Verlyn Aerni fled Mill City Tuesday the way many of his neighbors did: with the hope that their lawn sprinklers would protect their homes from the firestorm sweeping through town.
“All of our homes, before we left, we have sprinklers up on the roof, sprinkling right now,” Aerni said Tuesday while stopped in the nearby city of Stayton, which was then not yet in the Level 3 “go now” evacuation stage. He’d gone straight to his daughter’s Stayton home before stopping in the local Safeway to get dog food. It was one of many things he didn’t have with him when he left.
“I forgot my watch, and don’t tell the police, but I forgot my driver’s license,” he said.
Aerni still held out hope his home would survive. But people living in towns and on farms and rural homesteads up and down the Santiam Canyon between Salem and the Cascades weren’t so fortunate. Before Aerni fled Mill City, he learned that Kelly Lumber, owned by one of his friends from high school, had burned to the ground.
Another Mill City resident, Pat Podrabsky, described a town in ruins.
“There are so many things gone. Mill City is gone,” she said before listing several businesses that she knew or had heard had burned down.
“And we don’t know about our house yet,” Podrabsky added. “We heard our neighbor’s was on fire but we don’t know.”
It was a day of confusion, loss, hope and worry. The disorientation wasn’t helped by howling wind gusts, the hot air’s acrid tinge, or the red, smoke-darkened sun at noon — all conditions created by unusually hot, windy weather and the resulting firestorm.
The fire prompted a Level 3 “go now” evacuation for Mill City and neighboring towns in the canyon: Lyons, Mehama, Detroit and Idanha. Nearby, a Level 3 order was given to Highway 214 North of Silver Falls State Park to Scotts Mills.
Evacuees were sent to shelter at the Oregon State Fair & Exposition Center in Salem, which was filling up by the afternoon. To make more room, Linn County Fairgrounds in Albany was used to shelter more people fleeing the fire. It had about 100 people by early evening.
Reporters weren’t permitted inside the evacuation shelter. County officials said they had adjusted their plans for running an emergency evacuation center months ago to make sure health and social distancing standards were in place to keep people safe during the pandemic.
Jerry Vavra was among those who took shelter in Albany. Around 9 p.m. Monday he got a call from his neighbor in Gates telling him there was a fire on Potato Hill. Sure enough, he could see it. And it was headed his way.
“We knew we had to get out of there,” he said. His main concern was saving his pets and horses. By the time he got them loaded up the fire was already at the bottom of his property and spreading fast. “It looked like we were actually in hell,” he said. “The whole hillside looked like a bunch of lava flows. It was surreal. I’ve never seen anything like that.”
Vavra said he and his wife got out a little faster than their neighbors, who he later heard were injured by the flames. When they circled back to grab some valuable paperwork from their home they saw flames on both sides of the highway in Mill City and Gates. “It looked like a war zone,” he said. “We barely got through. It was a close shave.”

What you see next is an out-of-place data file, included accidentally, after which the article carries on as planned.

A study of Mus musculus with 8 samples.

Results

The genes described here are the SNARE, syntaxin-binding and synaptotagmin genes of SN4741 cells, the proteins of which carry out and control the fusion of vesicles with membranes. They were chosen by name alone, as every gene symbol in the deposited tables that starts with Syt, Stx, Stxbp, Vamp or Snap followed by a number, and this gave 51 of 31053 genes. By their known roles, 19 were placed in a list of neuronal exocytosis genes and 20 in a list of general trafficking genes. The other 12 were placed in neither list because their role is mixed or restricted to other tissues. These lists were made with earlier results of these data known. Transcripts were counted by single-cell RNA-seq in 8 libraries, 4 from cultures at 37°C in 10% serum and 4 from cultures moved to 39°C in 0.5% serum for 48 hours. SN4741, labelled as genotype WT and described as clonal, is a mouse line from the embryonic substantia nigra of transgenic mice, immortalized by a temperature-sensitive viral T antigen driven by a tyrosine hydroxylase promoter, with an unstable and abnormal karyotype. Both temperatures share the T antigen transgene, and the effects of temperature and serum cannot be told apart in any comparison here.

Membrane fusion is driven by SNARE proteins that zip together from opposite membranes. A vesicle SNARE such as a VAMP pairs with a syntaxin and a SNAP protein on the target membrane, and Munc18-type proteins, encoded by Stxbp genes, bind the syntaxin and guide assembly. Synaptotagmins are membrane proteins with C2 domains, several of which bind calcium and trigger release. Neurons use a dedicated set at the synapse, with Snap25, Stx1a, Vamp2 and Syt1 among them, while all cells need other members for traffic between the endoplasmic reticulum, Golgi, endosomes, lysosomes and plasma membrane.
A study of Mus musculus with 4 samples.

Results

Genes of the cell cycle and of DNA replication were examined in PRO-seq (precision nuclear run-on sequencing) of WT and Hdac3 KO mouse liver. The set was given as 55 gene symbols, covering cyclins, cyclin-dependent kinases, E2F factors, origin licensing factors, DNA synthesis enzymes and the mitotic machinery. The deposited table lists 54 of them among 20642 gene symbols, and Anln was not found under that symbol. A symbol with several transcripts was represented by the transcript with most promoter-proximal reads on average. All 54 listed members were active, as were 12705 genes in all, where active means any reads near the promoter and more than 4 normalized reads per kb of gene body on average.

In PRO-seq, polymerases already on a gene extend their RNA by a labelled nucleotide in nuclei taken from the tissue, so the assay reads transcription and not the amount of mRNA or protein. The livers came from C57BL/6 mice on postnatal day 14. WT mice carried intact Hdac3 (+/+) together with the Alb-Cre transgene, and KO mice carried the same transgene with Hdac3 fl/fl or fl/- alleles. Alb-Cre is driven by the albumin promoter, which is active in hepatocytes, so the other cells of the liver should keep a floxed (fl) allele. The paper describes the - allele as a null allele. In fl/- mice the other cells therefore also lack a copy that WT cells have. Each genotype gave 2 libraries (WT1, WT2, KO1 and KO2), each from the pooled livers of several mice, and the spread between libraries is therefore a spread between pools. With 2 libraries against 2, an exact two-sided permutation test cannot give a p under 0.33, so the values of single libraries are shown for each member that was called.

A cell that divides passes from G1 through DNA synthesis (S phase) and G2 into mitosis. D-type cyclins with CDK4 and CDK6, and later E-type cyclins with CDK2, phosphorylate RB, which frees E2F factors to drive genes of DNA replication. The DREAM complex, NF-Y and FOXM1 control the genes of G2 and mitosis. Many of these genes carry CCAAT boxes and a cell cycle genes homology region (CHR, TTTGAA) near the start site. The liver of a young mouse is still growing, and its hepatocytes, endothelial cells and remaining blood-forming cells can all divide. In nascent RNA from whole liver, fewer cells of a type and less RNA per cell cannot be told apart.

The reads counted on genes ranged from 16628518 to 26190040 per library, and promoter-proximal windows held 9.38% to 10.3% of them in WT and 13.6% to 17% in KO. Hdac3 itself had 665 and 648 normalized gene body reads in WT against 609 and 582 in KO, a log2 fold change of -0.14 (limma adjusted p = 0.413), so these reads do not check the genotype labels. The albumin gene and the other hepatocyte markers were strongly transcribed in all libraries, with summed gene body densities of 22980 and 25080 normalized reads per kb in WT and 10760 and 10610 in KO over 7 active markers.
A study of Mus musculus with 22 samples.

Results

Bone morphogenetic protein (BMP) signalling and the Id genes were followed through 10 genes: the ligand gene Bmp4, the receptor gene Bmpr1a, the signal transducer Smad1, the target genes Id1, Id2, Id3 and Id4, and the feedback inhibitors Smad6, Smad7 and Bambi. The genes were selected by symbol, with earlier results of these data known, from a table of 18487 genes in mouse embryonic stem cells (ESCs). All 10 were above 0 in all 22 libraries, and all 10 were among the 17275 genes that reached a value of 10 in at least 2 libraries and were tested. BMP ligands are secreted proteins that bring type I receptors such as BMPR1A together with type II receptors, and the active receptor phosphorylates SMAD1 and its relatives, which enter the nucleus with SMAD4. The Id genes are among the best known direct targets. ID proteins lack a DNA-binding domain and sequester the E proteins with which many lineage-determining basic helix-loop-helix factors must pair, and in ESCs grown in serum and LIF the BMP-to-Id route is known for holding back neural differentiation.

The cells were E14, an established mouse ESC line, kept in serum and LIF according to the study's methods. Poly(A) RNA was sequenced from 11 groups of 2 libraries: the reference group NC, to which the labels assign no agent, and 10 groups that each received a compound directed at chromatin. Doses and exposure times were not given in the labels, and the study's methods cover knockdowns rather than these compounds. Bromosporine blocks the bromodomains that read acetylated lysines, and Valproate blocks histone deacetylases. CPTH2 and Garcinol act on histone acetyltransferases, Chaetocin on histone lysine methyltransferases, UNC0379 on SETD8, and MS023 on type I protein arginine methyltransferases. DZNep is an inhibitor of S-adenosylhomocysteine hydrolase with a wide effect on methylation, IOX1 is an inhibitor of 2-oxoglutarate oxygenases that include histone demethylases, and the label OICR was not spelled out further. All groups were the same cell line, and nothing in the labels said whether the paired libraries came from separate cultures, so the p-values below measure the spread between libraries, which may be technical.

Vavra and his wife brought their two horses to the evacuation center at the Linn County Fairgrounds, where the stables were already about 75% full Tuesday afternoon. For them and hundreds of other evacuees in the Willamette Valley, the only thing they can do now is wait and see what’s left of their home. “Hopefully our house is still intact, but I don’t know,” Vavra said. “We had a big barn with stables and a huge chicken coop with 60 chickens in it. I don’t know if they survived.”
Vavra heard from a firefighter that his professional photography studio had definitely burned to the ground. “I lost all my photos. I lost over 300,000 files," Vavra said. "It’s all gone. You can’t replace it. I had backups for everything but they were in the studio too.”
Todd Noble, the Linn County health administrator, said the evacuation center was housing about 100 people and more animals than people on Tuesday afternoon. Community members were dropping off unsolicited donations of water, blankets, food and animal feed. “They’re just showing up,” he said. The Linn County fairgrounds has room for about 150 people under a socially distanced emergency evacuation plan set up for the pandemic. Benton County Fairgrounds will open as needed if the Linn County evacuation center fills up.
State Rep. Shelly Boshart Davis was helping coordinate volunteers in the livestock area.
“We’ve had people rolling in all day long, whether they’re displaced, whether they have animals, whether they’re here to volunteer or drop off supplies,” the Albany Republican said. “We have people evacuating tons of horses, all kinds of livestock, rabbits are coming in, chickens are coming in, we had a Subaru come in with their goats in the back seat.”
She helped connect a volunteer who had a horse trailer with a farmer who had 30 goats needing evacuation. “I was born and raised here,” she said. “This community has always stepped up for whatever is needed. Unfortunately we have to do it today and it’s heartbreaking to watch but amazing to see.”